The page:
Many children with A.D.D. have enormous energy and drive. They can be funny, entertaining, and creative. For most children with A.D.D., the future is bright if their needs are recognized. It helps if parents accentuate the positive. Some of the brightest and most capable students and businesspeople take advantage of the positive traits of A.D.D. These include:
- Fast thinking: the ability to see the big picture and to rapidly make connections
- Hyperfocus: intense concentration on something of interest
- Tenacity, an aspect of leadership (remember Churchill)
- High energy, hyperproductivity
It is critical for parents to see these positive traits in their children, rather than focus on the negatives. Spontaneity can slide into impulsivity, for example. It is critical to your child’s gaining self-confidence and establishing a positive self-image that you notice and build on these good qualities.
A positive note. While we cannot ignore the negative aspects of A.D.D., it is important to remember that many children with A.D.D. are extraordinarily bright and talented. Remember that A.D.D. is not always a deficit, not a disorder in the usual sense, and definitely not a disease. It is a label given to a child who has a different style of thinking, learning, and behaving. Attention Deficit Disorder is not the most accurate label. Yet because of its rhythmic ring, A.D.D. is probably here to stay. Attentionally Different Deportment or Attention Differently Developed would be more accurate. Regardless of how you define A.D.D., our main message is that A.D.D. left unrecognized and not carefully managed can become a disability. If understood, accepted, valued, and shaped, these traits can work to the child’s advantage.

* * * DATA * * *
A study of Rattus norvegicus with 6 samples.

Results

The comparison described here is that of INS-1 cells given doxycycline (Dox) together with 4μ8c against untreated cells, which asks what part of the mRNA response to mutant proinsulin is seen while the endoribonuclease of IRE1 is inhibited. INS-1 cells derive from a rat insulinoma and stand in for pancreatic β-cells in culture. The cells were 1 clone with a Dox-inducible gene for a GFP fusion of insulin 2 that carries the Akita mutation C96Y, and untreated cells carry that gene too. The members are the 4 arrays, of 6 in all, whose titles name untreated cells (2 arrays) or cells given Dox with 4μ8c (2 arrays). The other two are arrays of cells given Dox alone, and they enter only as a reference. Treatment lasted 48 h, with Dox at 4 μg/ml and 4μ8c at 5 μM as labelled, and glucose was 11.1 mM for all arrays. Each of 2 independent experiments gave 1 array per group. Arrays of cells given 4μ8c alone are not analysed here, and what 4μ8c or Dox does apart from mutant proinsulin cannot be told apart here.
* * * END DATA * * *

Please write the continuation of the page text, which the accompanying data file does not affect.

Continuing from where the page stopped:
Your child’s perception of how you view him depends upon how you frame your attitude toward him. Children with A.D.D. sometimes live in a frame of negative labels, and eventually these color the child’s behavior. If your child is surrounded by negative expectations, like “bad,” “lazy,” or “dumb,” sooner or later he’s bound to live up to them. Even when it’s difficult to see the bright side of your child, try to stay positive. A positive attitude is especially important in protecting your child against negative comments. If someone says, “My, he’s disruptive,” come back with “Yes, sometimes he’s so enthusiastic.” To the person who says, “She sure is hyperactive,” say, “Yes, she is interested in everything.” When your critics see that you do not see anything “wrong” with your child, they may change their attitude, too. More importantly, when your child sees that you are framing him in a positive way, it dilutes all the negative things other people have to say about him.